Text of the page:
But hold on, there you go again (the royal "you"). Do I really need all that stuff? Or do I just need a big pot, a big grain bag and a thermometer? I can brew beer without tablets, moss, gelatin, isinglass, a chiller, a mash tun, and a burner. I don't even need a grain mill. What you're referring to is the stuff that comes later when you realize how to refine your own process and save some time. Which is what we're all constantly doing anyway, no matter what end of the spectrum we're at.

Me being a beginner to the all grain world, I'm going to jump feet first, ask questions and learn along the way, I'll probably brew some really good beers as well as some bad ones, as long as I have fun then I've seceded.


After homebrewing was legalized in 1978, men came along and added complex process and equipment, within the tolerance of whatever their wives allowed them to have.


But hold on, there you go again (the royal "you"). Do I really need all that stuff? Or do I just need a big pot, a big grain bag and a thermometer? I can brew beer without tablets, moss, gelatin, isinglass, a chiller, a mash tun, and a burner. I don't even need a grain mill. What you're referring to is the stuff that comes later when you realize how to refine your own process and save some time. Which is what we're all constantly doing anyway, no matter what end of the spectrum we're at.
+1 to this. As it is with most things, the entry point to AG brewing is relatively low. With less than $100-200 in equipment additions, most extract brewers can make the switch to AG. A non brewer wanting to start with AG could spend a little more and go from 0 gear to a decent AG set up.

I started brewing in the days when Papazian's first book was the dominant home brew text. It wasn't until I also brought his home brewing companion that I really wrapped my head around AG. But these days, with the Palmer book, the Internet, and forum sites like this one, its pretty easy to get into AG quickly if that's the way you want to go.

My gadget hoard has grown over time, although not because I needed the bling to make good beer. But because I wanted some of the gear to help me fine tune my beers, and some of the gear to shorten or simplify my brew day.

My wife and I have a closet obsession with zombie and end of the world movies. After watching them, the conversation will often turn to "how would you make beer in the wake of the zombie apocalypse?" When I put my mind to it, I realize I could actually ditch around half of my current brew house and still make beer in a pinch given access to ingredients.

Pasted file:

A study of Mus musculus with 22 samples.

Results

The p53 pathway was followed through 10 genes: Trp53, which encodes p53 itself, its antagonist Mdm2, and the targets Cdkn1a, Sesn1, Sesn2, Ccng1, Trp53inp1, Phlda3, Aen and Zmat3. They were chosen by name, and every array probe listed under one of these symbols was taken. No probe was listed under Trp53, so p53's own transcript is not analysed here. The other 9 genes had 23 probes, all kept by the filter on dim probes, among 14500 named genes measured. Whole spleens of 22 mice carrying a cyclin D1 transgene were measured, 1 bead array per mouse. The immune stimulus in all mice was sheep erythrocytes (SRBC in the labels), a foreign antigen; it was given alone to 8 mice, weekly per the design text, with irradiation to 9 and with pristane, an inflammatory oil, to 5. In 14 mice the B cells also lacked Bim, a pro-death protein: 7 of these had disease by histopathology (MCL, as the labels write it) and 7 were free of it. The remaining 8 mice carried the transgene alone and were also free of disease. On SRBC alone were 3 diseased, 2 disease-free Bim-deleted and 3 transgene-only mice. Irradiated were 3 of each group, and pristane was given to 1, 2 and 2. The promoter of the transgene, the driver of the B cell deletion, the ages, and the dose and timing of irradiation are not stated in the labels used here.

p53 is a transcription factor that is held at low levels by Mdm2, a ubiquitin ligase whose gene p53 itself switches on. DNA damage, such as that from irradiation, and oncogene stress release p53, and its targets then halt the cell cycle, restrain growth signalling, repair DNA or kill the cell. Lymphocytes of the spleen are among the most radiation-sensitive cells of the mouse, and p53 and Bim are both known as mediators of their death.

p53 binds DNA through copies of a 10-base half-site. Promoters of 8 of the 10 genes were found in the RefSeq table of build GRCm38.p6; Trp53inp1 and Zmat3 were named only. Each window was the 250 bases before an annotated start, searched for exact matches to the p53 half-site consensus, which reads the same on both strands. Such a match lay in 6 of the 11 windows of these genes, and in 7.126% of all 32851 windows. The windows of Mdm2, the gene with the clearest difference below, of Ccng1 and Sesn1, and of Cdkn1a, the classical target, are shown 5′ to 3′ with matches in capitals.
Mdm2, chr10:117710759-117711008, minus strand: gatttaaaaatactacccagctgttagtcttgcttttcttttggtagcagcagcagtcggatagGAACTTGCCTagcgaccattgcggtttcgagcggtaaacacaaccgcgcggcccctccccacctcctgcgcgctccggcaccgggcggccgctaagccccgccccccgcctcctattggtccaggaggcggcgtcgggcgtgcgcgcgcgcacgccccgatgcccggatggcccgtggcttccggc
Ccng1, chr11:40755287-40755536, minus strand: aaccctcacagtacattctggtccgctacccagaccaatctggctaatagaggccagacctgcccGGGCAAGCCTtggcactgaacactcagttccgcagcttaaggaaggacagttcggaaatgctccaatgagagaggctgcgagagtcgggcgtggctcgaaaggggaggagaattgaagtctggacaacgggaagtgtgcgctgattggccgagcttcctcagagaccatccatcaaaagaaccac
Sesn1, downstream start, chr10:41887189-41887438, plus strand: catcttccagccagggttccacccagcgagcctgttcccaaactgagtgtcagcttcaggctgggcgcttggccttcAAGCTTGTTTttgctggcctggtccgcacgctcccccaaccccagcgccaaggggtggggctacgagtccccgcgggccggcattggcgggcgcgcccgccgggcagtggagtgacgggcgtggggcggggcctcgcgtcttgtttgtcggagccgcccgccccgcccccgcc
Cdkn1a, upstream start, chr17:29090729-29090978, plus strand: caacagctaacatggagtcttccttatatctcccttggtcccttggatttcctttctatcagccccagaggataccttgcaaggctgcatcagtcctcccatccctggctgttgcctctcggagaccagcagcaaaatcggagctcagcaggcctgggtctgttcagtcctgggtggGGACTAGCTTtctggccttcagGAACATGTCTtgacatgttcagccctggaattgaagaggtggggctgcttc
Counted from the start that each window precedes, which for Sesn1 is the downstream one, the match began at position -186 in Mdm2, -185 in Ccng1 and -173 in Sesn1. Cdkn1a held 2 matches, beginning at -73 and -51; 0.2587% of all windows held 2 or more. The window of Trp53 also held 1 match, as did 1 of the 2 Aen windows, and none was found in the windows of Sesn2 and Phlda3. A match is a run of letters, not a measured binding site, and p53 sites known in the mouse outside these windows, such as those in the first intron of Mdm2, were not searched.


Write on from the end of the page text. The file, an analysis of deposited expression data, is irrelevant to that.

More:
And after reading a recent issue of BYO, a lot of the mystery around making your own malt is gone as well.
Thanks! My motto is "the best beer possible with the least effort possible while having the most fun possible!".

How did you use extract and miss your OG by that much? Extract, when measured correctly in the correct volume of water will yield a very reliable OG.

After homebrewing was legalized in 1978, men came along and added complex process and equipment, within the tolerance of whatever their wives allowed them to have.
LOL at the last sentence, but I think the equipment change and the improvement in homebrew quality were simultaneous and it had nothing to do with the gender of the brewers.

After 2 years and 4 Anothony Robbins courses, I decided to revisit, and have been all grain ever since.

And looking back now I have to ask WHAT'S THE BIG FRIGGEN DEAL?

I skim over the message boards and it confuses me. People seem scared or imtimidated by the concept. It's like these people are deciding whether or not to have another child. I see the YouTube videos... 30 minutes of a guy trying to explain in great length how to convert a 10-gallon igloo cooler to be a mash tun, which by the way is pretty much all you need (hmm that took me under 10 mins using a wrench and a valve I bought online). Then there's the 60 minute step-by-step guide on how to fabricate your own false bottom ($15 on Amazon). A 3 month course on the chemistry of water you'll need to take before you can make an IPA (you trying to win a beer competition or make some good beer for your friends?).

Always been confused about all that.

Ok, bye!

zc
chin up! you leaned something, nothing wasted. now go get a mesh bag large enough to fit your pot and do a 3 gallon BIAB ALL GRAIN brew.
simple as shallowing your favorite brew! check the BIAB sticky in this topic menu.

GD
A ball valve is unnecessary. I actually found I like the cheap nylon valve I use better than ball valve. And a hose braid is cheaper than a Bazooka. If you do full boils, you definiteley need some way to chill it.